Sometimes it can seem that the most difficult part of running a small business is selecting the proper software to take care of the more tedious details for you. Sure, your grandfather just sharpened his pencil when it came time to take care of the books, but this isn’t your grandfather’s business climate anymore. These days, there are many products available to streamline the process for you, so you can put your mind to more important things…like making money.
The ROI on automation tests varies depending on several factors. Some tests are difficult to develop because of technology constraints. For example, testing frameworks may not support test cases that run across several browser sessions or across different devices. Other tests may not need to be run frequently. For example, it might be more cost-effective to occasionally and manually test a use case for a rarely used feature, rather than invest the time to develop and maintain an automated test that runs after each nightly build. Each organization will make its considerations according to its own priorities, but it's always important to consider the ROI you'll get by automating your tests.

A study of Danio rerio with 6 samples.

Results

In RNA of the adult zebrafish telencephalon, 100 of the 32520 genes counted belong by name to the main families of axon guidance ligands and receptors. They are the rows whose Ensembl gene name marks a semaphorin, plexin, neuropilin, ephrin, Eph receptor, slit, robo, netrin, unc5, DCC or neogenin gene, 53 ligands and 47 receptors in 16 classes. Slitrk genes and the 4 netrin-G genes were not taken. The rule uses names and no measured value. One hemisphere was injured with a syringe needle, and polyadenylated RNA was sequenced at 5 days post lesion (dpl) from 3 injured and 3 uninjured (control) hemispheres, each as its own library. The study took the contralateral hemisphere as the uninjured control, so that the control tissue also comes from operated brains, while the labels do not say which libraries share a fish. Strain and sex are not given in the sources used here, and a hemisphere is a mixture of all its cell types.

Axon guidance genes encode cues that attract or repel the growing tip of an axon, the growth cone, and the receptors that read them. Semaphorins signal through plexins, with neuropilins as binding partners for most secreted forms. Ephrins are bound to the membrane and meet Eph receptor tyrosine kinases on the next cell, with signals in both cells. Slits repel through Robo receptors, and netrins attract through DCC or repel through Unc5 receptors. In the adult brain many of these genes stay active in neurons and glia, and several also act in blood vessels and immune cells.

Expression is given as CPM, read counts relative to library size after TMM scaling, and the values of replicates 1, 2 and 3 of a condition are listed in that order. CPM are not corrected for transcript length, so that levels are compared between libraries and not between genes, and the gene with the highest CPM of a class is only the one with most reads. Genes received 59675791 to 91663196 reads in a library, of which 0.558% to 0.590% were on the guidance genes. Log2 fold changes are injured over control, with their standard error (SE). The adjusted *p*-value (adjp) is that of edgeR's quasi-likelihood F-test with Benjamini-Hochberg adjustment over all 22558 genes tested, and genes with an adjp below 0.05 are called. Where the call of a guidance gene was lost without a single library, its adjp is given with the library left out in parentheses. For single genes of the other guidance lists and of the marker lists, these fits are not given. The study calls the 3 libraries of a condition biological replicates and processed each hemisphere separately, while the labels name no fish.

Hazen uses the term “automagic” to get people to think about what their goals are for using automation tools and technology for their specific project needs. He cautions against assuming the use of automation testing tools is a cure-all or silver bullet solution. As Hazen points out, automation testing is still dependent on the people performing the testing.
We've emphasized the importance of getting everyone involved in automation. Here's how it works in my department. An integral part of each development team, the DevTester writes and executes manual test cases for the team's user stories. The tests are written using a methodology (see connect manual tests with automation using a clear methodology) that clarifies how to automate them later on. Once a feature is stable, the DevTester writes the actual automation tests. Then, there's the Developer. In addition to developing the application, the developer works with the DevTester to review both the test's design and the testing code itself. The developer's involvement in the automated tests increases his or her engagement in the automation efforts, which also means the DevTester can help with test maintenance should the need arise. The QA architect is an experienced QA professional who is instrumental in deciding which feature tests should be automated. This is the person with the higher-level view of the overall testing effort who can understand which test cases will yield the best ROI if automated. With a broader view of the application, the architect is also responsible for cross-feature and cross-team QA activities to make sure that end-to-end testing can also be automated.